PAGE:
Benefield: SRJC cross country runners 'not going to let this fire beat us'
Santa Rosa Junior College cross country runner Miranda Huntsinger is the Bear Cubs’ resident climate scientist.
It’s Huntsinger, a sophomore who prepped at Maria Carrillo, who teammates turn to for weather predictions, air quality index readings and suggestions on where, and when, to work out. Her services are in high demand these days.
With the Kincade fire still burning and air quality across the North Bay in flux daily, it’s Huntsinger who is called on to scope out the best places and times to get runs in before the Big 8 Cross Country Championship Friday in Modesto.
“Other people were thinking about it, but I guess I’m the one worrying about it,” she said.
“There are a lot of people on our team who do have asthma and respiratory issues,” she said. “We want to make sure that everyone is healthy and fit.”
These have been chaotic days. Classes at SRJC were canceled through the week. A good number of runners were evacuated from their homes. And all of this came down in the days leading up to the postseason.
Huntsinger was evacuated from her Santa Rosa home. She stayed at an unfinished condo in Rohnert Park this week. The Ramirez twins, Jackie and Evelin (and their three dogs), were evacuated from Forestville and have been sleeping at a friend’s house.
“Everyone is all over the map,” Huntsinger said. “A lot of people had to move out, some of the team lives in Windsor, Healdsburg, Sebastopol. We kept each other updated where we were going.”
Although from the outside looking in, cross country seems like a solitary venture, the Bear Cubs insist it is extraordinarily team-centric. Especially when times are tough — like now. No school, no official practice, no real road map leading into their conference championship.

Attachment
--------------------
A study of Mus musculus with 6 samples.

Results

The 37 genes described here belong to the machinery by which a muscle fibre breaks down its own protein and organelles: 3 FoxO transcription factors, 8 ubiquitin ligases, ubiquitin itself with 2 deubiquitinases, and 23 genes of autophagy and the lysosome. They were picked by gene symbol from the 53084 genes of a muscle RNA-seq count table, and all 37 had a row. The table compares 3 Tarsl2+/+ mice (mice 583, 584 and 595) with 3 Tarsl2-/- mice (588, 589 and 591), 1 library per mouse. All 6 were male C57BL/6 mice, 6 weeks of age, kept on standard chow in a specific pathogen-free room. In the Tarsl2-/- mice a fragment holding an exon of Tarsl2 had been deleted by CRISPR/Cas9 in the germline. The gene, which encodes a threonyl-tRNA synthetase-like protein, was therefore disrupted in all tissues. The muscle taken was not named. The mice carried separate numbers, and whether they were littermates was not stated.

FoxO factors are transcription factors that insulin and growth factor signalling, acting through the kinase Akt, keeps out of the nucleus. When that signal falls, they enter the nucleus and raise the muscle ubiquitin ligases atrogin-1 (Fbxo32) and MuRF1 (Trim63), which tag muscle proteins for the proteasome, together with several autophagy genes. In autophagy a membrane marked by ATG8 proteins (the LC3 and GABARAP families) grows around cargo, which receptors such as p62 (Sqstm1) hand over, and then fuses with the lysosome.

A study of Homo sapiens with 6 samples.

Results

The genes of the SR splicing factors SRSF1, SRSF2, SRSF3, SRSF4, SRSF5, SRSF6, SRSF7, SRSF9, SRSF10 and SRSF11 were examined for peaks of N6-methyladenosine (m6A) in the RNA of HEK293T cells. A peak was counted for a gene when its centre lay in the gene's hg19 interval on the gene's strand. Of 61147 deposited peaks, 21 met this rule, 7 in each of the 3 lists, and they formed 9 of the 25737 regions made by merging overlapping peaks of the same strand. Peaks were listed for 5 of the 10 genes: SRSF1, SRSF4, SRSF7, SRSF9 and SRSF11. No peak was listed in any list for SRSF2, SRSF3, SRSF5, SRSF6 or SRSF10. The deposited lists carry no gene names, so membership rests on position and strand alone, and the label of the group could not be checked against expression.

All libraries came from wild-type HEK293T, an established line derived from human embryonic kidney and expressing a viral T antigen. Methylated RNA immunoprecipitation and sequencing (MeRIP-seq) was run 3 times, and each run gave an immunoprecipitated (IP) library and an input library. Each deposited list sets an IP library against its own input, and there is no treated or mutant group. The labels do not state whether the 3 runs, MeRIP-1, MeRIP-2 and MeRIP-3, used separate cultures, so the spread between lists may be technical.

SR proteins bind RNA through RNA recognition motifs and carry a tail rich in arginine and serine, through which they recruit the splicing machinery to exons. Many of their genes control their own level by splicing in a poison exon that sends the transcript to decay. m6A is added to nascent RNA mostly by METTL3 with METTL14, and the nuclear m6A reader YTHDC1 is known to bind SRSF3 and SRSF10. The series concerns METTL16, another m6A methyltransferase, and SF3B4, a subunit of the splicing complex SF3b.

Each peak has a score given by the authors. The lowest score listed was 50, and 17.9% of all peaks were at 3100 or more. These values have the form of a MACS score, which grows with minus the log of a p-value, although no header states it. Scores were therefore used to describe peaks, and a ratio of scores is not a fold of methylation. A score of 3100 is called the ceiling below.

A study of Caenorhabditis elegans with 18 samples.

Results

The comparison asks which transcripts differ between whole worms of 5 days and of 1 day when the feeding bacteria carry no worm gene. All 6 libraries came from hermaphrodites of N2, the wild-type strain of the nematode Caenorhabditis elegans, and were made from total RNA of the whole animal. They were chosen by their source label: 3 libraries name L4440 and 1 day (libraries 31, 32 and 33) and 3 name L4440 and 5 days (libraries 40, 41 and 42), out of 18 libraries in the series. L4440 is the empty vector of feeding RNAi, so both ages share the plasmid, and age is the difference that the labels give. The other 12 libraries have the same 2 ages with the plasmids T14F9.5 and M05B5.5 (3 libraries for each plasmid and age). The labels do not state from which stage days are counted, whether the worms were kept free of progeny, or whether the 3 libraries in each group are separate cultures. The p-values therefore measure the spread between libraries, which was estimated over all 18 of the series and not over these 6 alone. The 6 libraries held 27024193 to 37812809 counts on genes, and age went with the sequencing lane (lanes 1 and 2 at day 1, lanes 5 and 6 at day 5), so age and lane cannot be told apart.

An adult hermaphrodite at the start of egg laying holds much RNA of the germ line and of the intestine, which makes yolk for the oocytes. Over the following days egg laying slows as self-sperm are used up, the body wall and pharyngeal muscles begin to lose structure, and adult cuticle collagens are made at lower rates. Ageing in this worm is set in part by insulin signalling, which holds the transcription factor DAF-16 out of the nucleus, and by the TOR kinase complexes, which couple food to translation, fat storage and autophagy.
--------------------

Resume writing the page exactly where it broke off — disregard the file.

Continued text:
David Wellman, the team’s coach, wasn’t allowed to mandate practice or even really direct their workouts remotely. He’d catch up with what they were doing via text photos of Bear Cubs doing what they could do wherever they would do it.
He also told them to have confidence that their hard work will pay off now — no matter what.
“The basic message is, we have done all the work through the season. At this point the goal is just to stay consistent and not worry. We have had such a solid season of work and all of that will add up,” he said. “As long as we are active this week in any way, whether that is in a pool or bike or treadmill, we have to be able to rely on that the work is already done.”
But when you are sleeping on someone else’s couch, it can be hard to rally.
“To be honest, I didn’t really want to run,” Jackie Ramirez, an El Molino grad, said of the early days of evacuation. “I wasn’t down to run, with lack of sleep …”
That’s where just a couple of teammates ready to run can change the whole tenor of the workout.
“The group that stayed was pretty motivated,” she said. “We know we have to keep pushing and we have keep running. It’s just a matter of finding a good place to run.”